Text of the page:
Saturday, February 12, 2005


Bouncing Checks Down The Rabbit-Hole

TLS features one of the strangest and most curiously engrossing book excerpts I've seen in a while, from Jenny Woolf's new Lewis Carroll in His Own Account: The Complete Bank Account of the Reverend C. L. Dodgson. If it was April 1st, I'd imagined that someone was having me on with that book title -- but it really is an actual book, and a oddly revealing one at that:

Recently I discovered that Barclays Bank held, in their archive near Manchester, the entire C. L. Dodgson account... no one had ever seen Dodgson’s account, because no one had ever asked to. Forgotten and unread for over a century, it is the only major uncensored document about him that is known, and it makes revealing reading....

He began running into overdraft almost from the start. By the eighth transaction, his account was in the red..... Using a rough rule of thumb of £50 (modern) to £1 (Victorian), Dodgson’s £148 overdraft in June 1863 was the approximate equivalent of £7,500 now, and that was fairly typical....

Things deteriorated in the early 1880s, when Dodgson was around fifty. It is tempting to wonder whether he was experiencing a mid-life crisis at this point.... From September 25, 1883 till January 22, 1885, he was continuously overdrawn, often for substantial sums. His overdraft rose to over £666 in January 1884, money which, if only it had been a credit, would have bought him a very nice house at the time.... Perhaps predictably, neither the surviving diaries nor the correspondence refers to this matter at all: this was clearly one of the areas which his family wished to remove from the public gaze. From that time onward, Dodgson survived mostly on his income from publications, with overdrafts to tide him over until each February, when the annual payment came in.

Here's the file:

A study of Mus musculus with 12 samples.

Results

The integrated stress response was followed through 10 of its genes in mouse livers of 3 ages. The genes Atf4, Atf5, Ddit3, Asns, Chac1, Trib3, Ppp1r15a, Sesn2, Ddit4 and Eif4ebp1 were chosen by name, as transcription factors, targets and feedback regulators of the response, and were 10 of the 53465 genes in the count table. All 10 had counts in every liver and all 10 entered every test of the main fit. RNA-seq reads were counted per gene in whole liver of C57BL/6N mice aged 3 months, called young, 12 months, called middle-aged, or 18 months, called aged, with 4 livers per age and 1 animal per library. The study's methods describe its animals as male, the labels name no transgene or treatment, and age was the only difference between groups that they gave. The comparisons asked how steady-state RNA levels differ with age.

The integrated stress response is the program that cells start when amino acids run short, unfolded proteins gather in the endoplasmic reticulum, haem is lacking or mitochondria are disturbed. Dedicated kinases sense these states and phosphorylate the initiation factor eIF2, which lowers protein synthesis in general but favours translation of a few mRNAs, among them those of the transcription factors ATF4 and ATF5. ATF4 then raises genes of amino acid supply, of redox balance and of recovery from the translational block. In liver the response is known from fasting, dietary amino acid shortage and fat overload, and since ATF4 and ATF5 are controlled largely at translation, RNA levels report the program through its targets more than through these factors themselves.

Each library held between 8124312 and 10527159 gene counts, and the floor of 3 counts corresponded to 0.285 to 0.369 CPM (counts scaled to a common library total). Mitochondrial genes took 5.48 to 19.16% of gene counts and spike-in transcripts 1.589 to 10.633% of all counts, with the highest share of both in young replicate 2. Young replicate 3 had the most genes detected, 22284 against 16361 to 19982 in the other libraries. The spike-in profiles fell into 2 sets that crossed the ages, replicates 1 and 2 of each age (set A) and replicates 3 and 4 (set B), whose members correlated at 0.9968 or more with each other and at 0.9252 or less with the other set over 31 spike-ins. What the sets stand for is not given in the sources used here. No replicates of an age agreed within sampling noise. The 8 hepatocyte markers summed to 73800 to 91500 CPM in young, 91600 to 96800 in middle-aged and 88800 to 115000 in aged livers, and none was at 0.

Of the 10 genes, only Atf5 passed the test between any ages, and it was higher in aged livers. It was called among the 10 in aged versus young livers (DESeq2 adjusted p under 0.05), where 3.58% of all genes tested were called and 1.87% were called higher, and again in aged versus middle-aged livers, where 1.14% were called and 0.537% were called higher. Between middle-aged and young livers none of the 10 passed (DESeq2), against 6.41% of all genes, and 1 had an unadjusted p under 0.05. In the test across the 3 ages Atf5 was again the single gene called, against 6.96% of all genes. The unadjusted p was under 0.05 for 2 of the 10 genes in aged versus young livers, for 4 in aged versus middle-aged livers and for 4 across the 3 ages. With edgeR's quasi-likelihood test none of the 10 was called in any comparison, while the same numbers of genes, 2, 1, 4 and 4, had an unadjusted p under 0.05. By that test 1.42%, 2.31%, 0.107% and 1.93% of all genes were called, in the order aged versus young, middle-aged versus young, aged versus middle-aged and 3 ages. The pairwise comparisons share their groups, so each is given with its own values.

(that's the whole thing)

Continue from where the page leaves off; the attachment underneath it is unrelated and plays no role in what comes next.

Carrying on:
And no, Woolf says, there are no hush payoffs to angry parents of little girls -- in fact, it looks like Alice Lidell's father earned about about six times as much as Carroll did -- though there are a number of drama school payments and the like for actresses that Carroll took a liking to. And with his latest royalty payments constantly heading right back out to pay off rolling debts, it seems that one of the most unusual authors in the English language had some very typical authorial finances.

This is one of the better examples of the scholarly titles which approach an author from the most absurdly specialized angle, yet somehow manage to tell you something new about the person. (A much larger academic genre would be absurdly specialized books that tell you nothing.) An old book analyzing Walt Whitman's opera reviews for the Brooklyn Daily Eagle also comes to mind; I picked that one up off a university library shelf for a laugh, and damned if it wasn't pretty good.

Still, for all the pure voyeuristic fun of Woolf's study -- a little like sneaking into an author's office and prying into their filing cabinet -- I am left slightly unsettled. This account record was not among Carroll's personal effects: it was in a bank manager's safe at Barclay's. At what point, exactly, did one's private bank records become public information? Just curious.